Abstract

The banking crisis of 1933, which forced a national holiday closing the entire U.S. financial system, is often blamed on either publication of the names of banks borrowing from the Reconstruction Finance Corporation, a speculative run on the gold-backed dollar due to fears that president-elect Roosevelt would devalue the currency, or both. Evidence presented here indicates that neither factor started the final banking crisis of the depression. The Michigan bank holiday ignited the panic, resulting in a series of bank holidays and a run on the dollar. This chain of events toppled the United States financial system.

Suggested Citation

  • James L. Butkiewicz, 1999. "The Reconstruction Finance Corporation, the Gold Standard, and the Banking Panic of 1933," Southern Economic Journal, Southern Economic Association, vol. 66(2), pages 271-293, October.
  • Handle: RePEc:sej:ancoec:v:66:2:y:1999:p:271-293

    1. Charles, Amélie & Darné, Olivier, 2014. "Large shocks in the volatility of the Dow Jones Industrial Average index: 1928–2013," Journal of Banking & Finance, Elsevier, vol. 43(C), pages 188-199.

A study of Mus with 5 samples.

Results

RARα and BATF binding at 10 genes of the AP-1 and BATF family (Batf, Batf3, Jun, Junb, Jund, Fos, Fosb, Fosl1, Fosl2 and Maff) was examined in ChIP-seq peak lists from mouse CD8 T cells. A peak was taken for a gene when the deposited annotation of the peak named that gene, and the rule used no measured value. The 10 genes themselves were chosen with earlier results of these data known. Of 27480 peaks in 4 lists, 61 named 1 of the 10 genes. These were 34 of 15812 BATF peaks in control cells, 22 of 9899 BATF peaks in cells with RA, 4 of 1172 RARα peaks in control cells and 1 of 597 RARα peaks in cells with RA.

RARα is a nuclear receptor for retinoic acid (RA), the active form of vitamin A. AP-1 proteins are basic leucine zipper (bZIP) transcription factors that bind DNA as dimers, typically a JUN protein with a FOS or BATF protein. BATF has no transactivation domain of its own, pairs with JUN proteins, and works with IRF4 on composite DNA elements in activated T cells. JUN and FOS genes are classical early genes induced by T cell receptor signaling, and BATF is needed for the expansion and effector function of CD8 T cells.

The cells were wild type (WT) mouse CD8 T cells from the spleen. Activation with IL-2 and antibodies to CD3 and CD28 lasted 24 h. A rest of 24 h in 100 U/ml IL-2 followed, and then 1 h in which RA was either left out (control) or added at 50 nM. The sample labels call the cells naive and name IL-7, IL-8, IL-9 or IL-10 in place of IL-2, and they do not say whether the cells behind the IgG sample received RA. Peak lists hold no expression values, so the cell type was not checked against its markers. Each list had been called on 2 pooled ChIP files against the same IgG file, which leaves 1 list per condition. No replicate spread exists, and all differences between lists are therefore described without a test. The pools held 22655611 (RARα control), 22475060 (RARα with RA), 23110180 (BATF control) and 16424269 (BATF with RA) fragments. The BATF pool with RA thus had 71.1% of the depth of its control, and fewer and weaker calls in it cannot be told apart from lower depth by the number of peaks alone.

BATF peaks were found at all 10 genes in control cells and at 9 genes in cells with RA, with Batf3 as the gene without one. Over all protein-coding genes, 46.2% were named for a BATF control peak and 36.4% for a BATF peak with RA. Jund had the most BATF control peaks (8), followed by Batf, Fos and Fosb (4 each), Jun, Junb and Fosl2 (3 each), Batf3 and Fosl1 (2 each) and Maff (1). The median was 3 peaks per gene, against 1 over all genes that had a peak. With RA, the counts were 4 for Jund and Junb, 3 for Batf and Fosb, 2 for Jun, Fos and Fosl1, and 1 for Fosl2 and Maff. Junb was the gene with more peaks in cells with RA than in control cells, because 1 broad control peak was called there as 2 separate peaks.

2. Butkiewicz, James, 2015. "Eugene Meyer And The German Influence On The Origin Of Us Federal Financial Rescues," Journal of the History of Economic Thought, Cambridge University Press, vol. 37(01), pages 57-77, March.
    3. Gary Gorton & Andrew Metrick, 2013. "The Federal Reserve and Panic Prevention: The Roles of Financial Regulation and Lender of Last Resort," Journal of Economic Perspectives, American Economic Association, vol. 27(4), pages 45-64, Fall.
    4. Anbil, Sriya & Vossmeyer, Angela, 2017. "Liquidity from Two Lending Facilities," Finance and Economics Discussion Series 2017-117, Board of Governors of the Federal Reserve System (U.S.).
    5. James L. Butkiewicz, 2011. "The German Influence on the Origin of U.S. Federal Financial Rescues," Working Papers 11-19, University of Delaware, Department of Economics.
    6. Gary B. Gorton & Andrew Metrick, 2013. "The Federal Reserve and Financial Regulation: The First Hundred Years," NBER Working Papers 19292, National Bureau of Economic Research, Inc.